As Lorde and her minimalist pop masterpiece ‘Royals’ gradually conquered the world in 2013, fans and critics alike in the US and Europe – and to a lesser extent in Australia – declared it a watershed moment for New Zealand’s music scene.
While this reaction wasn’t unexpected, it belied New Zealand’s impressive track record of locally bred artists, from a broad range of genres, who have found success overseas.
That’s something worth remembering now that Lorde is no doubt soon to be back with her sophomore album, and the claims that she “put NZ on the map” can begin anew. Here are eight artists that prove our Trans-Tasman buddies aren’t one-trick ponies in the music department.
Dame Kiri Te Kanawa
New Zealand’s most famous opera singer began her career as a pop star in local clubs in her teens.
But after winning a grant to study in London in 1966 Te Kanawa quickly made a name for herself singing Verdi, Mozart and Puccini, and portraying princesses and countesses on stage. Now 72, she continues to perform.
Beyond her musical achievements, Te Kanawa helped set up the Kiri Te Kanawa foundation in 2004, which continues to provide financial and career support to young artists from New Zealand.
The Naked and Famous
Centered around the talents of vocalist Alisa Xayalith and guitarist Thom Powers, this Auckland indie-electro outfit cracked top 10 in the US alternative charts at the start of the decade with shimmering, uplifting anthems like ‘Young Blood’ and ‘Hearts Like Ours’.
The band’s overseas success has been consolidated thanks to their songs being used in the promos and intros to TV shows including Gossip Girl, Skins, Secret Circle and Degrassi, and a third album is on the cards.
Fraser is one of New Zealand’s best-selling singer-songwriters in history, having started writing when she was 12 and releasing her first album at 18. She’s since gone on to be certified 15x platinum.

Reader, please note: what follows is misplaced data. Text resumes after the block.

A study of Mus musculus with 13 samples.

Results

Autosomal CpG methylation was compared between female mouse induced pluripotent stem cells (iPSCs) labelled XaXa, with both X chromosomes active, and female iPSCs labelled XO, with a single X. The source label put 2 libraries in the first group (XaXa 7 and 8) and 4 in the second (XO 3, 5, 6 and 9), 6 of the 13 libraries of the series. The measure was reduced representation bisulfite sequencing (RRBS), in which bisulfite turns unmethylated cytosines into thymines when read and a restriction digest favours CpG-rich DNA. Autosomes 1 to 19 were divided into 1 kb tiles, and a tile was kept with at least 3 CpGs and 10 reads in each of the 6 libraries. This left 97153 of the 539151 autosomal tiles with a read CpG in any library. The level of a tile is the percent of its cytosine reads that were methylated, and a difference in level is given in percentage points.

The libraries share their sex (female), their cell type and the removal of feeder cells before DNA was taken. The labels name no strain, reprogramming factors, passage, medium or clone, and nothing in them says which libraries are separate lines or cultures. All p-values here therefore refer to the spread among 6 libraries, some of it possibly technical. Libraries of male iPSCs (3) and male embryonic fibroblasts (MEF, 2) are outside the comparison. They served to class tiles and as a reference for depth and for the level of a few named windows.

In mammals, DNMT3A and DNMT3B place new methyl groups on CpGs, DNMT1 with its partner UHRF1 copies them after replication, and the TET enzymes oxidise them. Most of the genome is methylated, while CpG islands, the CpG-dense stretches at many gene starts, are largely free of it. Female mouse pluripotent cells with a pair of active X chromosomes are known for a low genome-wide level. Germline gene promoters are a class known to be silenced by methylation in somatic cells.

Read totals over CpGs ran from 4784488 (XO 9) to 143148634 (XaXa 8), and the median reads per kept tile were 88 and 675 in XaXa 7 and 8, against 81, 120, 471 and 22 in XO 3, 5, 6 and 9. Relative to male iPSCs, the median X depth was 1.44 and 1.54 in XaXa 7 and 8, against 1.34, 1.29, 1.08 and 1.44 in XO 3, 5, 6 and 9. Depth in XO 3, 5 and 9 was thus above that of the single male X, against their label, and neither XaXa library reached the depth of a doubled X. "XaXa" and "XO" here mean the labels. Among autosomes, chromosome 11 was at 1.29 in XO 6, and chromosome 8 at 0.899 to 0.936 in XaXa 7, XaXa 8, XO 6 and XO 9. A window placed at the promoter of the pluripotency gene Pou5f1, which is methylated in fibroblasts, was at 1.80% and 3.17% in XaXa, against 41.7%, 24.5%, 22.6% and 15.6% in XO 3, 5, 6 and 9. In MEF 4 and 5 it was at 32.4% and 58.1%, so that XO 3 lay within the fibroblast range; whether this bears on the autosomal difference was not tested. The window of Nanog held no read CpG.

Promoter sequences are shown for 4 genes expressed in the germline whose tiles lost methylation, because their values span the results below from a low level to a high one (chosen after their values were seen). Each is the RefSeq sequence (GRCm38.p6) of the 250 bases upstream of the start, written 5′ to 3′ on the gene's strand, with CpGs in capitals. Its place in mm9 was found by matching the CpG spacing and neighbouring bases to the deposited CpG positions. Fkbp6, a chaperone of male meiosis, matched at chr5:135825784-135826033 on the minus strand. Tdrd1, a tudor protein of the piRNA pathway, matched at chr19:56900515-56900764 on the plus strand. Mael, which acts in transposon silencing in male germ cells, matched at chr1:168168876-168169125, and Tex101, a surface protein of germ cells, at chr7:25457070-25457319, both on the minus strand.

Her most successful work is 2008’s ‘Something in the Water’ from the album ‘Flags’, the latter going top 10 across western Europe.
With a raw, sassy voice reminiscent of Amy Winehouse, the Auckland-born Wigmore began her rise to prominence in 2008 when she won the International Songwriting Contest in New York.
An EP and two albums later, Wigmore’s seductive and arresting folk-pop have found their way into worldwide Johnnie Walker and Heineken commercials. Wigmore herself made a cameo in the James Bond-inspired latter commercial, and she wouldn’t be out of place singing the theme song to a future 007 film.
While us Aussies like to think they’re ours really, the truth is singer-songwriter brothers Neil and Tim Finn are the Kiwis’ to take credit for, at least for this crucial early stage of their careers.
Neil joined Split Enz in 1977, soon to be followed by Tim. It marked the end of the Auckland band’s five years experimenting with acoustic folk and prog rock, and a shift to an eclectic, sometimes vaudevillian, style of New Wave.
They remain one of the most successful NZ acts in history, securing cult followings and chart success in the US and Canada in the early ’80s before their split in 1984.
These guys came charging out of Cambridge in late 2002, in a blaze of fuzzy distortion, welding guitar solos and shrieking vocals that cemented them as NZ’s offering to the garage rock revival of the early noughties.
Their eponymous debut album was received to critical acclaim in Europe, and such was the hype around them at the time that BBC Radio 1 sensationally dubbed them “The future of rock”.
While this praise almost proved the kiss of death of the band – they’d fail to achieve the same success with follow up records – the Datsuns continue to churn out the Sabbath and Purple-inspired Hard Rock today, touring and releasing albums to good reception locally and in Scandinavia.
Flight of the Conchords
They might call themselves “New Zealand’s fourth most popular guitar-based digi-bongo acapella-rap-funk-comedy folk duo”, but really Jermaine Clement and Brett McKenzie have no competition in the Kiwi comedy band stakes.
The duo’s skill at delivering deadpan – and dead funny – punchlines in song earned them a Grammy for best comedy release in 2008. They followed this up with two more albums and a multi-season HBO TV Show where they stuck true to their quirky humour.
Clement and McKenzie have pursued solo film ventures in recent years, most notably when the latter won an Oscar for best original song for Man or Muppett in 2011.
Since making a name for herself as the second voice on Gotye’s multi-grammy-winning smash ‘Somebody That I Used to Know’, Kimbra has been doing all she can to ensure she’s remembered for more than just this triumph.
While her debut Vows showcased her determinedly individual vocal stylings and electronic soundscapes, ”90s music’ from 2014’s The Golden Echo proved she also has a talent for witty songwriting.